While there was little decrease in auction attendance, there was little increase in the numbers of Japanese buyers securing entries.

The weakness of the yen meant “they were not able to bid plus one”, said Christie’s Japanese specialist Katsura Yamaguchi. Japanese dealers and collectors secured around 21 per cent of the sale compared to the 50 per cent they were taking home to Japan a few years ago. The majority of the sale was knocked down to US and European buyers.

The strength of the sale lay with the small, selective 38-lot Korean section (80 per cent sold by lot) rather than the 184-lot Japanese section. Heakyum Kim also felt that there was a sea-change with the Korean trade who were not just watching but buying.

Korean works produced the top two prices, with a contemporary painting by Park Sookeun the highlight. Bought by the private US vendor in 1960s Seoul for US$200 – well before the market for Park Sookeun took off in the 1980s – it was consigned at $150,000-200,000. Pursued by around 10 interested parties, it sold for a new artist auction record, $520,000 (£376,810).

Next up was an unusual ten-panel Korean screen, ink and colour on silk, late 18-19th century, by Kunsundo. Its unusual subject matter depicted the Immortals and this coupled with the fact it was by a known artist saw it contested to $200,000 (£144,930).

The 23 ceramic entries included a number of works from a prestigious collection, although the collection was not named nor the ceramics specifically identified in the catalogue. The biggest money was reserved for a blue and white porcelain bottle, Choson period, second half of the 18th century.
Painted with four landscape medallions, it had two chips to the rim, a long crack to the body and a stain to one side. Undeterred by its condition, Korean and Japanese trade pursued the entry to $180,000 (£130,435).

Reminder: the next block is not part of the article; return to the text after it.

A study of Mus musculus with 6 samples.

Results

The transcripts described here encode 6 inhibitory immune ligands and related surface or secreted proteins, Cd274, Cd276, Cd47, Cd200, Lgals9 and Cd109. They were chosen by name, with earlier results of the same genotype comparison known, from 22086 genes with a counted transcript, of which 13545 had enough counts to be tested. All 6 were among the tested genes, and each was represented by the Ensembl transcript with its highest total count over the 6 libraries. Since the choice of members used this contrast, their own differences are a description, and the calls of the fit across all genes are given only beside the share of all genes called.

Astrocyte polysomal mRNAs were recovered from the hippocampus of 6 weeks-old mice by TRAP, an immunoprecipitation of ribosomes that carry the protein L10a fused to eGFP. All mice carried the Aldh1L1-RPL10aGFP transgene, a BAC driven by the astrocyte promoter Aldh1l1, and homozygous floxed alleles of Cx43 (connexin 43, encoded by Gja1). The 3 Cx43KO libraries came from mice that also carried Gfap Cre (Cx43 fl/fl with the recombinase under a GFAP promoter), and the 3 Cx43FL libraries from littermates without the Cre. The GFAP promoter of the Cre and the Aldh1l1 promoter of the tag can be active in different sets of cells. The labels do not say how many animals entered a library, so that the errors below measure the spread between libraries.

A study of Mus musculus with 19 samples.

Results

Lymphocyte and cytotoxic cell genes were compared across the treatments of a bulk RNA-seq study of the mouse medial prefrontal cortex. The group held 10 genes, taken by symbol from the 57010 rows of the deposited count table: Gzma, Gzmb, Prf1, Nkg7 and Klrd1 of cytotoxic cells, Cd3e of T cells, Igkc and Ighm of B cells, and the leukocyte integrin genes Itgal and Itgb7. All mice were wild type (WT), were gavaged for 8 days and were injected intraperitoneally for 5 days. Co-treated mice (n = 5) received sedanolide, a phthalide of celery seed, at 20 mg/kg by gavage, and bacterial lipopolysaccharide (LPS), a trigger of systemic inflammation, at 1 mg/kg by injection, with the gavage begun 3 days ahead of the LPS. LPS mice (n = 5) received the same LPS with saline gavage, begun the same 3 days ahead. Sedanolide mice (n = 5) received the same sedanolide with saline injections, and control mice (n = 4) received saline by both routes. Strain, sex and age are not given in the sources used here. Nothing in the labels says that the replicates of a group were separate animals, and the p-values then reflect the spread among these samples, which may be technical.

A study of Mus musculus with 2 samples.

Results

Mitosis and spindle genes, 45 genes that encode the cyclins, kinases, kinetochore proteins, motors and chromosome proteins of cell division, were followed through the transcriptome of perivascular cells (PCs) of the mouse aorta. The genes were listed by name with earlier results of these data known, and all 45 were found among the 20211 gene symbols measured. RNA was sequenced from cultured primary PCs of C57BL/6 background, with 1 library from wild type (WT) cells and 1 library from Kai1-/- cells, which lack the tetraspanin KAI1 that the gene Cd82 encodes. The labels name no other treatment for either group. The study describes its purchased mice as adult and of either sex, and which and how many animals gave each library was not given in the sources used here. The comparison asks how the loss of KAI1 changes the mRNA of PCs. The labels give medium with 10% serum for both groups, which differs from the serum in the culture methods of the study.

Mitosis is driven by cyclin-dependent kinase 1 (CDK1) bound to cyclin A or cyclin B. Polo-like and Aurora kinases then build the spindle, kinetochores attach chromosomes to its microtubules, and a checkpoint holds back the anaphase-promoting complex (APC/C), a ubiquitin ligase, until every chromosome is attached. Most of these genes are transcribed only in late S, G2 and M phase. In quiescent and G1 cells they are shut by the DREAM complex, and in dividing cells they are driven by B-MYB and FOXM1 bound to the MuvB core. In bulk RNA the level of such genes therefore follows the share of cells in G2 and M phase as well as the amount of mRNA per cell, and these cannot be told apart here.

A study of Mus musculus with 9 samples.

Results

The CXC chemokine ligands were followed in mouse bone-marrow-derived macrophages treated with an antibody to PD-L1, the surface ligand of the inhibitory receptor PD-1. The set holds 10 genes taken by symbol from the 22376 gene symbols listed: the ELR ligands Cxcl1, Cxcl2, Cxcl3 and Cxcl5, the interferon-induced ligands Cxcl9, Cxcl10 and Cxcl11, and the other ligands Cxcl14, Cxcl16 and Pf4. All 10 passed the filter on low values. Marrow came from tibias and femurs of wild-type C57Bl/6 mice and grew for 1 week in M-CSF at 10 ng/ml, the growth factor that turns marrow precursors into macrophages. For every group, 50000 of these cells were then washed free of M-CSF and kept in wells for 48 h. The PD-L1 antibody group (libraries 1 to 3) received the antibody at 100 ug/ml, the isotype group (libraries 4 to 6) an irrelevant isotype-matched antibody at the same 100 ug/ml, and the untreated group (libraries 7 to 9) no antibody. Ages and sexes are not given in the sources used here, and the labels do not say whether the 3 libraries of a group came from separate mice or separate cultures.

Elsewhere, a large white porcelain Korean jar, 18th century,
went for $120,000 (£86,956) and Japanese interest in a rustic Punch’ong stoneware bowl, 15/16th century – known as The voice of a pine tree and ideal for the tea ceremony – with its original wooden box leapfrogged its guideline to sell on the telephone for $30,000 (£21,740).

Bidding was more selective for the Japanese porcelain, but buyers were found for the Japanese tea ceremony wares. An early 20th century set of 12 earthenware chawan with paper boxes and impressed with the seal Ohi, and by Ohi Chozaemon (1912-86) brought $14,000 (£10,145), from a Japanese buyer.

However, there were no takers for a pair of Kakiemon-style ‘Hampton Court’ jars, Arita ware, Edo Period (1670-90), aggressively pitched at $120,000-180,000. A skilfully concealed crack on an Arita ware Ko-Kutani style Edo period dish (1650-60) also dampened interest for this unsold entry.

The biggest money was reserved for two hanging scrolls by Geiai (active c.1489), 191/4 by 125/8in (49cm x 32cm), with Geiai seals. One depicted cotton roses and birds, the other hollyhocks with one small bird.
Geiai was an enigmatic but highly prized painter who worked in Kyoto in the 15th century. Kyoto National Museum has a pair of his screens with bird and flower paintings.

Consigned by a private US vendor at a conservative $40,000-60,000, this pair was secured by a US dealer for $180,000 (£130,435) underbid by a US collector.